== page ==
Windows 7 computers are still available, here in Maryland, from Science Translations, right here at PC410.com. And if you’re not nearby, any local repair shop can still buy completely legal and authorized Windows 7 licenses for new computers, and upgrades for Windows Vista computers, if they’re running at least dual-core processors or faster, and Windows 7 is always substantially faster than Windows Vista on the same hardware.
And it’s time, too. Windows XP support for ‘extended security patches’ ended April 8th, 2014. Here’s the scary pop-up message from Microsoft:
Windows 8.0 Support ENDS on October 26th, 2014
Windows 8 shipped on October 26th, 2012, a date known at Microsoft as ‘General Availability.’ According to the Microsoft Support Lifecycle FAQ, “Customers have 24 months to move to Windows 8.1 after General Availability in order to remain supported. See the Windows 8.1 FAQ for more information.” OK, here’s the link to the “Windows 8.1 Support Lifecycle Policy FAQ”–check item 2: “Why are you requiring Windows 8 customers move to Windows 8.1 two years after the General Availability?”
My short version of the ‘why’: Because Windows 8 is a support nightmare with a clumsy interface, and Microsoft doesn’t want anything to do with it. (That’s my opinion, not one stated publicly by Microsoft.) Unfortunately, the free upgrade from Windows 8.0 to 8.1 has a few issues of its own, and none of these issues have applied to previous Windows service packs:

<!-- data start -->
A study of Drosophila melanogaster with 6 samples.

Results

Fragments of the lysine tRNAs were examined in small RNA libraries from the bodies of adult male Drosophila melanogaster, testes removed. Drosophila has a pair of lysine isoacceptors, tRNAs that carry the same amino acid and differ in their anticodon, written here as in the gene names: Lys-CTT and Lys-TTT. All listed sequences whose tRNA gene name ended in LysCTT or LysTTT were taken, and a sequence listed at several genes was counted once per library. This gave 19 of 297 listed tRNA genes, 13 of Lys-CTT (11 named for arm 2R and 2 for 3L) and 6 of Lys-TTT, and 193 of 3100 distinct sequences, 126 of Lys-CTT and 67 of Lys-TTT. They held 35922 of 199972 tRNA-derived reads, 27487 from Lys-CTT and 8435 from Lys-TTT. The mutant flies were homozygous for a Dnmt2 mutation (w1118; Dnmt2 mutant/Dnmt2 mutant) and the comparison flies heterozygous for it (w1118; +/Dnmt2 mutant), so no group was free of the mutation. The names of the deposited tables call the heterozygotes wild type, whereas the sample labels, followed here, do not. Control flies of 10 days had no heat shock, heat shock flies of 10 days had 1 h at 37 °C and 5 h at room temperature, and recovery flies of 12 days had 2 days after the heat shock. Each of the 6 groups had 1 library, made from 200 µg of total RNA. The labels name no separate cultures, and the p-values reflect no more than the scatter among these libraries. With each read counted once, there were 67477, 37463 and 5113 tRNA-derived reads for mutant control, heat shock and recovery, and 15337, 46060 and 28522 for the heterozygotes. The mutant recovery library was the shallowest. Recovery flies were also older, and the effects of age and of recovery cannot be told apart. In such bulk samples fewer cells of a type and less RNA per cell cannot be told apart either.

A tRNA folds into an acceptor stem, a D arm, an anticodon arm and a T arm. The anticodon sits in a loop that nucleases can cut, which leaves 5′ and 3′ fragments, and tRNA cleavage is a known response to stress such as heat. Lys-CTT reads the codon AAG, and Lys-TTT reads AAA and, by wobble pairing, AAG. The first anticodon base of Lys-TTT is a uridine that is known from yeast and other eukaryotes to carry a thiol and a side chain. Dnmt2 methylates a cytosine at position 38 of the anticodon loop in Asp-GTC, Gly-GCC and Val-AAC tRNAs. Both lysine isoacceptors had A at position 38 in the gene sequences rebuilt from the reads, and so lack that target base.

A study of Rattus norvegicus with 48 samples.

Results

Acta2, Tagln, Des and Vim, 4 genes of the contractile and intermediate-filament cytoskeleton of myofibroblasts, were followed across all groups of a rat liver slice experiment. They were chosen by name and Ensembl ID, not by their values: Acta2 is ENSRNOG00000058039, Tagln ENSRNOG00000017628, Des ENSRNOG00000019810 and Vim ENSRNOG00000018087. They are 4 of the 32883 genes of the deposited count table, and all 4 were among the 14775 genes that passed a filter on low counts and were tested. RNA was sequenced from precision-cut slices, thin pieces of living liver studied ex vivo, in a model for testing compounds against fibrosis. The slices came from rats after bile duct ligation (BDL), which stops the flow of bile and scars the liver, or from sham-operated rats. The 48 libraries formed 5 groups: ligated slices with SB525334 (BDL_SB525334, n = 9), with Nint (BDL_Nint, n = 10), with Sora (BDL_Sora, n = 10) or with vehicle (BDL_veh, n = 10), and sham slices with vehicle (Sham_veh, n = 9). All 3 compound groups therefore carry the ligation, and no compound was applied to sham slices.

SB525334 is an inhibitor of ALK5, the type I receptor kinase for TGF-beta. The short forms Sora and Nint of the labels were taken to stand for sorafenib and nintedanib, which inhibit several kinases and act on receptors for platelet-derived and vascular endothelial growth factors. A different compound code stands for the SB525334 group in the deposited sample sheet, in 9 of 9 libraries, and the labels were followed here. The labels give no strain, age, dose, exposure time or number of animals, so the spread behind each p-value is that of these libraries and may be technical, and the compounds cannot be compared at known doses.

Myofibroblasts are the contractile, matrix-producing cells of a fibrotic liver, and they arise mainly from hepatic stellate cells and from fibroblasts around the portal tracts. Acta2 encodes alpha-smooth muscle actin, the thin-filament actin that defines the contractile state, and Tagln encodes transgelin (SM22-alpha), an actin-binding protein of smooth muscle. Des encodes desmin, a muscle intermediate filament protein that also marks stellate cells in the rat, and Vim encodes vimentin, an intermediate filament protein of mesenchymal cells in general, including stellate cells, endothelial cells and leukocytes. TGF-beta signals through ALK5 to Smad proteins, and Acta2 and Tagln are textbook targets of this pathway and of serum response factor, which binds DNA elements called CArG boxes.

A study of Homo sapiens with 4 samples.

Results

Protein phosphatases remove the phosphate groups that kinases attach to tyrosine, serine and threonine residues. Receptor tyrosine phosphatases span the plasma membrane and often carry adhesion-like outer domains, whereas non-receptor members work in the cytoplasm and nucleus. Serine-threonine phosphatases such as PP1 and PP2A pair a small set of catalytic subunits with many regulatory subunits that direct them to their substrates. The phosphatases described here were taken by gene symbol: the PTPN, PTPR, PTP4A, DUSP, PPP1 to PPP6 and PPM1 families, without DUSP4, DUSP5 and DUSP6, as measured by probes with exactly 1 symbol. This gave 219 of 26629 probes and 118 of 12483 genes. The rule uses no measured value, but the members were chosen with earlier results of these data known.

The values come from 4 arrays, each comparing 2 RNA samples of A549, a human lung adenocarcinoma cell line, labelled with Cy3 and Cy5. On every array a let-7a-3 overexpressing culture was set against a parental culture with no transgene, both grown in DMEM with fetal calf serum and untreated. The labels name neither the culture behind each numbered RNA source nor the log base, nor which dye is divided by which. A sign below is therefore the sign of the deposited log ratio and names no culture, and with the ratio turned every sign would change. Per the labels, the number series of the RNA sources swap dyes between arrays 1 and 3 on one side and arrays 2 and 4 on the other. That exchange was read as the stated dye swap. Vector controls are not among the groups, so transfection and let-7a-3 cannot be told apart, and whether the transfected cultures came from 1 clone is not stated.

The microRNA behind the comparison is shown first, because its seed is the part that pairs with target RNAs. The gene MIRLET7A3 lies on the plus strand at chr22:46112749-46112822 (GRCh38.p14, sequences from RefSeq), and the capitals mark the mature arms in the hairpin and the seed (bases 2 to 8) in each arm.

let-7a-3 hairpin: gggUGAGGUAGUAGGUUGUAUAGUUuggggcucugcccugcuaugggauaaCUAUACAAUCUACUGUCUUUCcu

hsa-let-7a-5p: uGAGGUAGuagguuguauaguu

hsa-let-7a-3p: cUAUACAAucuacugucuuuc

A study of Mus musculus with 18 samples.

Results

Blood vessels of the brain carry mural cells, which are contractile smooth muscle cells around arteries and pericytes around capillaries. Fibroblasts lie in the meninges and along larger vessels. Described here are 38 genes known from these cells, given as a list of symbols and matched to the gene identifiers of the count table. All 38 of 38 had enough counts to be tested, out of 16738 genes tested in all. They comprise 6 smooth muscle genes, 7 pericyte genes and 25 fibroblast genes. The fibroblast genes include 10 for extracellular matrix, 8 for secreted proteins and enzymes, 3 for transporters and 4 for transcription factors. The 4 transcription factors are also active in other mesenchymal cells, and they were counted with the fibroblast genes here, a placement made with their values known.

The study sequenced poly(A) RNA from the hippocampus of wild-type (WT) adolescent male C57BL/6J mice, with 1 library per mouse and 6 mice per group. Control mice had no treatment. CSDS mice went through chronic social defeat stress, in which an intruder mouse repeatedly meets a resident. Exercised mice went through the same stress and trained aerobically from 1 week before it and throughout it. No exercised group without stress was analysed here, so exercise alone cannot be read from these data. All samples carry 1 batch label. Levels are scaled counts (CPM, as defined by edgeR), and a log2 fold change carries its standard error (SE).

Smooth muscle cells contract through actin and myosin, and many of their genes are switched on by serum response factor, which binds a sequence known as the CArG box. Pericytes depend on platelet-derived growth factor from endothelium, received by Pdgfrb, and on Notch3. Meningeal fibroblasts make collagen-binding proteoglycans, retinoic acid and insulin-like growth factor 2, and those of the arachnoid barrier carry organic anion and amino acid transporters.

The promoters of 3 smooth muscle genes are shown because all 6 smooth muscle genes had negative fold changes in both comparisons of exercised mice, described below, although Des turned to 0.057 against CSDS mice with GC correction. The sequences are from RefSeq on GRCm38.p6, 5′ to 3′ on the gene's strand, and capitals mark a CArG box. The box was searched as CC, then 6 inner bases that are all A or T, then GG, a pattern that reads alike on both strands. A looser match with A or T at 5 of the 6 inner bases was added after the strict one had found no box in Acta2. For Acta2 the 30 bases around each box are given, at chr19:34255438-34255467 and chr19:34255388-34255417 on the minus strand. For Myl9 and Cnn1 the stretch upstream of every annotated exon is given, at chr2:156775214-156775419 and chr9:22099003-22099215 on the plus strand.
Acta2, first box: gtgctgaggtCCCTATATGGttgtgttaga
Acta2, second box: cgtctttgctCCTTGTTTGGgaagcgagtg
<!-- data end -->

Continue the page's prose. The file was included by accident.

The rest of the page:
- The 8.0 to 8.1 upgrade for Windows is only available in the Windows Store.
- Windows Update does not offer to install the Windows 8.1 upgrade.
- The upgrade downloads 1 Gigabyte of code before asking permission to install, not after.
- The upgrade requires a ‘Microsoft Account’ to install, and doesn’t announce that fact before the download.
- The upgrade has a high failure rate if there is other software running, or a BIOS upgrade needed, or an incompatible driver. That’s around a 40% failure rate on the first attempt from my own small sample, and it doesn’t identify why it failed.
- Repeat attempts require a repeat download.
- There is no offline version of the upgrade for network administrators and system technicians.
Overall, if you’re running Windows 8.something and there is no white Windows logo in the desktop taskbar, that’s Windows 8.0. Try to get the Windows 8.1 upgrade through the Windows Store, but FIRST, run Windows Update, and install all required updates. The Windows 8.1 update won’t show up in the store for you unless it decides that your computer is ready to install it, with all of the earlier patches already in-place. If it fails, most local repair technicians can identify the issue and install it for you. But do it before October 2014, or the security patches will end, when Windows 8 joins Windows XP as an officially-unsupported version of Windows.